Olive Leaf Capsules - Benefits and Drawbacks.

Olive Leaf capsules contain dried olive leaves, concentrated powdered extracts of olive leaves or a combination of both with or without excipients.

Effective for most uses they do not work quite as quickly as the tinctures nor are they as effective for mouth and throat infections.
For longer term systemic use and intestinal cleansing however, they are ideal.

Have a look at the benefits and drawbacks below, then follow the links to tinctures, powders and teas to see which will work best for you.

If you decide on capsules, follow the "Best Olive Leaf Capsule for You" link at the bottom of the page to choose the most suitable type for your use.

Benefits of Olive Leaf Capsules

  • Olive leaf capsules can contain more active ingredient per dose than tinctures or teas. This can be an advantage for tackling some infections.

    A 500mg capsule containing pure olive leaf extract standardised to 20% oleuropein will contain more oleuropein than a dose of tincture or tonic, even if highly concentrated.

    Olive leaf capsules work well for infections susceptible to oleuropein and its metabolite hydroxytyrosol.

  • They can be conveniently carried and easily taken with a little water. Children's doses can be obtained by opening the weaker strength capsules and dividing the contents in half for example. (The powder is more palatable for children when mixed into a little honey.)

  • They are usually cheaper for the amount of oleuropein you get than other forms.

  • They are often standardised to supply the same amount of oleuropein per capsule and so from batch to batch. This is of benefit when accurate doses are required.

  • The shelf life of capsules is usually about 2 years maximum if kept dry, cool and out of direct sunlight.

  • For intestinal disorders olive leaf capsule contents will reach further down into the digestive tract than tinctures before being absorbed into the bloodstream. If a gut infection is to be tackled, this can be an advantage over tinctures.

  • Olive Leaves and their extracts have a slightly-fruity bitter taste. While some people get to enjoy the taste many prefer to bypass it. This is a drawback of the tinctures especially if they are to be used long-term.

  • Olive leaf capsules are generally packed in plastic containers and can easily be transported in a handbag or pocket without fear of leakage or breakage.

  • Taking olive leaf capsules will likely result in a slower more sustained release of active ingredients. If they are being taken to support the cardiovascular system this may be an advantage over tinctures. Having said that, highly successful clinical trials for lowering blood pressure have used tinctures. This could be a case of "see what works best for you". (If on medication, check with your doctor first).

    Volatile constituents will have been lost during processing and they will not be absorbed as completely into the body as a tincture for example which is transported into the blood stream through the mouth, stomach and small intestine lining by the alcohol in which it is dissolved.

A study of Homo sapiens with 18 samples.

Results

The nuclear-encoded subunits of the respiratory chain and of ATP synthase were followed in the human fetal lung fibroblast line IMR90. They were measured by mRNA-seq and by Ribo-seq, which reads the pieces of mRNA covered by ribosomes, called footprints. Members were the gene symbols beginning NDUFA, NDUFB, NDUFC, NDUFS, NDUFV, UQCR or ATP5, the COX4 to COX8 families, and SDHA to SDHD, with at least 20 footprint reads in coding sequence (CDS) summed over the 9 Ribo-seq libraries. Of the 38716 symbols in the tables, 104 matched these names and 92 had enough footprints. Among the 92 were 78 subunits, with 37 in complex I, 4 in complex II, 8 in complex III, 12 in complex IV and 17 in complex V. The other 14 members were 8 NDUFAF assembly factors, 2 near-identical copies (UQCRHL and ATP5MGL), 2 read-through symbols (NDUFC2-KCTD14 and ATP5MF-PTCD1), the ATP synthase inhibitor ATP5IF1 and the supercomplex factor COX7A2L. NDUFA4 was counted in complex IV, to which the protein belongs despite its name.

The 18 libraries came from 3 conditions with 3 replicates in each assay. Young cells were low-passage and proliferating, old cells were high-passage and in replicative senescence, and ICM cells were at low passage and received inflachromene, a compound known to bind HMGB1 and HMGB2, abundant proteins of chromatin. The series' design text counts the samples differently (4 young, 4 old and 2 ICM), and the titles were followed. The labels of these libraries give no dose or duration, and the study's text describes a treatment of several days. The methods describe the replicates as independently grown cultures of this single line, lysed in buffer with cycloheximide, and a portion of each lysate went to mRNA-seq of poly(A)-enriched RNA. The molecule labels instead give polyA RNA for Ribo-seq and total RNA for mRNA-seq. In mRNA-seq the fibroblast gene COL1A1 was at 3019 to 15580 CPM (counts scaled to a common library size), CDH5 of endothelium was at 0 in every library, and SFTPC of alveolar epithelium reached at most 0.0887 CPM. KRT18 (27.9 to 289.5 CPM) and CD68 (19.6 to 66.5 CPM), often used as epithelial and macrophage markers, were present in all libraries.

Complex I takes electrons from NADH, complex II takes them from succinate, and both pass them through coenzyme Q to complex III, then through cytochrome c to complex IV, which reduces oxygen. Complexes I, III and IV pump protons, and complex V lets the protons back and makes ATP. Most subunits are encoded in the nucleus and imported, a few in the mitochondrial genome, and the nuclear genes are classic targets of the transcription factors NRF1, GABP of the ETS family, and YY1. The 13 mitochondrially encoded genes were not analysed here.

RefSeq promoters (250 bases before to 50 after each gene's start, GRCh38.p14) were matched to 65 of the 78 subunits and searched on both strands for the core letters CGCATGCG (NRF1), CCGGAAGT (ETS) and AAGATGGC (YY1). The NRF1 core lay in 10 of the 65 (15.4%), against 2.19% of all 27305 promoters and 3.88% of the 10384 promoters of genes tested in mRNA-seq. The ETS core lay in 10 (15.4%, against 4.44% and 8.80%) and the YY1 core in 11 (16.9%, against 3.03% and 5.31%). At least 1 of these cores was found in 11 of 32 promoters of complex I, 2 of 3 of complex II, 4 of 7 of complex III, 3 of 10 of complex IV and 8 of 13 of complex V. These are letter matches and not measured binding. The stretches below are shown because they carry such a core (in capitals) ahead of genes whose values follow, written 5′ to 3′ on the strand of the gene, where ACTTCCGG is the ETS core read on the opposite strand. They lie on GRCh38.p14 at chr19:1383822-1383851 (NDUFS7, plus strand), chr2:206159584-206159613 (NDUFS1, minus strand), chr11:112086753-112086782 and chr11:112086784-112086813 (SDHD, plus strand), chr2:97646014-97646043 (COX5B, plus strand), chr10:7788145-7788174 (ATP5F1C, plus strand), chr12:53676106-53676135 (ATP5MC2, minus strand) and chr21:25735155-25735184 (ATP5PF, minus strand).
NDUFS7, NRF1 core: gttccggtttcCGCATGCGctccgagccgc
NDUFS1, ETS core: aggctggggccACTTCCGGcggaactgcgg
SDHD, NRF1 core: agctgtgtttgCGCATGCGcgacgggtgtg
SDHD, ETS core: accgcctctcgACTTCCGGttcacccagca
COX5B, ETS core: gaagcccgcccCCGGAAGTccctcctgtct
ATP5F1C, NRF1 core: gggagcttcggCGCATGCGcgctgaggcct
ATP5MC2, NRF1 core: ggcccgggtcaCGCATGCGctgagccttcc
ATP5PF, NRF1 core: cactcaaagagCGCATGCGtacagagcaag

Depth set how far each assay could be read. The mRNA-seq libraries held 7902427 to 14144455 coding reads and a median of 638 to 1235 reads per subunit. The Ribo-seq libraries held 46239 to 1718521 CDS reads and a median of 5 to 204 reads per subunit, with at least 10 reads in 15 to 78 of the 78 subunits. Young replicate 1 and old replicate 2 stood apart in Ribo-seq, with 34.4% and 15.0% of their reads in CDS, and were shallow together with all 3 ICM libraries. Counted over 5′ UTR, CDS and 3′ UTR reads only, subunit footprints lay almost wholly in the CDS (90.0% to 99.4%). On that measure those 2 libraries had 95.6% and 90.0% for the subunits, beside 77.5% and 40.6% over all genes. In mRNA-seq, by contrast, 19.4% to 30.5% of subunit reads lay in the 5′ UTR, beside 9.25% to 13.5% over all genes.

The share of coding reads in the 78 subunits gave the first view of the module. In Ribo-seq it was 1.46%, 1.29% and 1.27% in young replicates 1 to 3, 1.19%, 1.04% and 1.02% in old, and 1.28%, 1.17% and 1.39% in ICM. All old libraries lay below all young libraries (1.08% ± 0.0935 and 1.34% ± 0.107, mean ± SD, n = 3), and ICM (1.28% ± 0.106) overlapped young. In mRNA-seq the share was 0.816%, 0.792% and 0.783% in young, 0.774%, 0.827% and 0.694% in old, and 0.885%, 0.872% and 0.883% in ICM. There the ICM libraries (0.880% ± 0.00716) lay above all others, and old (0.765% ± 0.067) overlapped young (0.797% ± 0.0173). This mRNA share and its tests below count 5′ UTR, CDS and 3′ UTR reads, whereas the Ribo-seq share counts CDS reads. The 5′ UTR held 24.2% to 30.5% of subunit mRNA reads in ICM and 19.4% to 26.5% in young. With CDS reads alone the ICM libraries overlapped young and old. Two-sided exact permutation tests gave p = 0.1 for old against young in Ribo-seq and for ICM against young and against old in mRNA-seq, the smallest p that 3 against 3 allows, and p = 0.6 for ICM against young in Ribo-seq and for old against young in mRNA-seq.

• Pure powdered extracts (see Best Olive Leaf Capsule for You below) can cause stomach irritation if they are too concentrated.
    This can be resolved by taking them with meals, however the amino acids glycine, lysine, cysteine and histidine may reduce the virucidal activity.*

    The capsules containing dried olive leaves combined with concentrated olive leaf extract are gentler and provide a better balance of active ingredients. These types should not cause stomach irritation.

  • Strong capsules are not as easily divided up into children's doses as the tinctures are.

  • Excipients (non-active ingredients) are usually added to the capsule contents to prevent clogging of the filling machinery and to add bulk.
    While many of these are safe, recent research indicates that some such as magnesium stearate and titanium dioxide should be avoided.

    I would personally avoid talc-containing capsules/pills which may act as an irritant to damaged intestinal lining, especially if they are taken long term as in vitamin supplements.

    Legally, excipients need not be shown on labels if only added to assist manufacture so you may not know they are there.
    Some capsules do not use excipients or fillers and this would be indicated on the label.

  • Volatile ingredients of the olive leaf are lost during drying and processing of the extract and so may not deliver all the potential benefits.

Look for :

1. An accurate description of strength in mg of dry leaf per capsule.

2. The quantity of powdered extract in mg per capsule and at what % of oleuropein (indicative of potency).

3. Does the manufacturer grow their own leaves or have control over the cultivation of the plants?

4. Are the leaves organically grown? This is usually a good sign.

5. Are they a mixture of dried leaves and powdered extract? This gives a better spread of active ingredients.

6. Are fillers and excipients absent? Some companies use other dry herbs as fillers which is preferable to inert fillers.

Choose the Best Olive Leaf Capsule for You here.

More about Olive Leaf Extract Liquid.

More about Olive Leaf Water/Glycerine Extracts

For the adventurous, why not Make Your Own Capsules?

*H.E. Renis "in-vitro antiviral activity of calcium elenolate." Antimicrobial Agents and Chemotherapy 167-172, 1970.